Now for London 2012: Ohuruogu's already fretting about the Liu Xiang factor

Click to follow
The Independent Online

It was the afternoon after the night before and Christine Ohuruogu was sitting on a sofa in the Olympic Village, her chunk of precious metal zipped up in the pocket of her Team GB tracksuit bottoms.

It was the gold medal for which she had battled down the home straight in the Bird's Nest the previous evening, surging from fifth to first in the final quarter of the women's 400m final in that powerful, gliding, utterly irresistible fashion of hers – the only British track and field gold of these Olympic Games, the gold she intends to defend next door to her family home in Stratford come the summer of 2012.

As her sights shifted from the Olympic mission accomplished at Beijing 2008 towards the long-term home-town target, the young woman from the East End of London was not exactly thinking of the Cathy Freeman Moment at the Sydney Games in 2000, when the Aussie poster girl memorably delivered a home gold in the showpiece track and field arena – and in the women's 400m, coincidentally.

No, as she looked down the line and considered her starring role in a reworking of Great Expectations, Ohuruogu was thinking of the Liu Xiang Moment of Beijing 2008, when four years of mounting pressure and the hopes of 1.3 billion people ended in tears, national mourning and an apologetic address to the nation on television.

"It was really painful to watch," Ohuruogu said, reflecting on the Monday morning 110m hurdles heat and the defending champion's limping exit down the tunnel entrance of the Bird's Nest. "It did kind of make me think, 'Hang on a minute. If it's like this for Liu Xiang, imagine what it's going to be like for British athletes – not just myself, but other athletes from all sports – who are going to be competing in London'. I just think of the disappointment of Tom Daley in his first event here and how he was hyped up so much and in the end he cracked.

"I think, in a sense, everyone's responsible for that," she added. "We hyped him up so much. He's only 14 years old. We're all responsible for that. It's up to everyone, I think, to make sure that British athletes have the support they need to go out and do well and not to crack under the pressure. I think it takes a lot of sensitivity to make sure of that, to make sure that when they go out our athletes can perform to their best."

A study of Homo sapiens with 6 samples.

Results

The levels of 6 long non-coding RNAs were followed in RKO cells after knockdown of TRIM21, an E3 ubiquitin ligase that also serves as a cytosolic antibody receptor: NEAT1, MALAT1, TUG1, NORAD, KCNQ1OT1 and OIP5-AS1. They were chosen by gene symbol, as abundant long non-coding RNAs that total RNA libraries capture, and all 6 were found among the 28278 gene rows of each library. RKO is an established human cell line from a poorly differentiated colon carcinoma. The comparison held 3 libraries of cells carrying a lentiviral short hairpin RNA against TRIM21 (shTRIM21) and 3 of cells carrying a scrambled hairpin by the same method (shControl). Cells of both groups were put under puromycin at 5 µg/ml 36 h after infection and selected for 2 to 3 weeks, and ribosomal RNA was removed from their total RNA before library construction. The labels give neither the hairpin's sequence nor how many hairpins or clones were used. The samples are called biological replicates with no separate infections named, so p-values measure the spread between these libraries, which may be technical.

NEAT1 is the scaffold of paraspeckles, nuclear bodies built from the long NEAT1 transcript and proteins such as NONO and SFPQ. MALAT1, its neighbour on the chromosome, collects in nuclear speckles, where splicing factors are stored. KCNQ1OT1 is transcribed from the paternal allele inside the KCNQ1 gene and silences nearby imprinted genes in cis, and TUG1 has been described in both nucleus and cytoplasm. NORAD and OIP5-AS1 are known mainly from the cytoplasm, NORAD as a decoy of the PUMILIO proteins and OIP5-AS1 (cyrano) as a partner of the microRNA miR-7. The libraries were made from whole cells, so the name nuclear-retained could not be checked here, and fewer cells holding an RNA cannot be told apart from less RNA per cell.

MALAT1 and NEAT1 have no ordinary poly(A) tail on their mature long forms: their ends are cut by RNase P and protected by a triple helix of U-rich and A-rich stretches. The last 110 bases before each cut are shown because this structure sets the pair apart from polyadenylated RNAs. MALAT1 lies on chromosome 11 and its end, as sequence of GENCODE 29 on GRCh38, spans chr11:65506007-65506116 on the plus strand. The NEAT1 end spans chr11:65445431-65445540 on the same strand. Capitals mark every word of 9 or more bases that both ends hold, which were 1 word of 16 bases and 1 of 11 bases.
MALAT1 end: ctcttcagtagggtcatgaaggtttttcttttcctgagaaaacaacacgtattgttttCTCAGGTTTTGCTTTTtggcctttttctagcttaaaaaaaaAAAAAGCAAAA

But how might the pressure and the expectation possibly be avoided? "I don't know how you can avoid it," east London's Olympic 400m champion said, "but I think it'll take a collective effort to make sure that we do support our athletes and give them the best help that they need – to make sure they're in the best shape that they can be. And if they do fail, they do fail. But life goes on. It's not for them to start slitting their wrists and stuff. That's a bit extreme, but you know what I mean..."

Indeed we do, though it is often wounds of a less critical nature that prove to be the death of Olympic dreams. Paula Radcliffe has come to appreciate as much, a leg injury and the debilitating effects of an antibiotics course having done for her on the road from Marathon to Athens in 2004, and a fractured femur having rendered her a long way short of fitness for the women's marathon here in Beijing last Sunday. The one thing you need above all else in the four-year cycle of an Olympiad is a state of rude health come the one day that matters most out of the 1,460.

Only three British athletes in the 112-year history of the modern Olympic Games have been blessed with sufficient health and fitness to defend a track and field title. Douglas Lowe won the 800m in Antwerp in 1920 and in Paris in 1924. Sebastian Coe won the 1500m in Moscow in 1980 and in Los Angeles four years later. And Daley Thompson prevailed in the decathlon in 1980 and again in 1984. No British woman has ever managed to hold on to an Olympic track and field crown, though.

So the girl from Stratford, the 24-year-old graduate in linguistics from University College, London, will have to create a little piece of history if she is to produce a golden home run four years from now. She has already done that here, becoming the first British athlete to win the Olympic women's 400m final.

Lillian Board came tantalisingly close in Mexico City in 1968, losing out in the last few strides to the fast-finishing Colette Besson of France. Board was 19 then. Her time was supposed to have come in the Munich Games of 1972. She died of cancer in a Munich clinic in December 1970, 13 days past her 22nd birthday.

"Someone told me about that recently, when I was at the team holding camp in Macau," Ohuruogu reflected. "I didn't know about it until then." Forty years after Mexico and 36 years on from the Munich Games that never were for Lillian Board, in Beijing's Bird's Nest last Tuesday one supremely gifted London girl finished the golden job that another was so tragically unable to complete.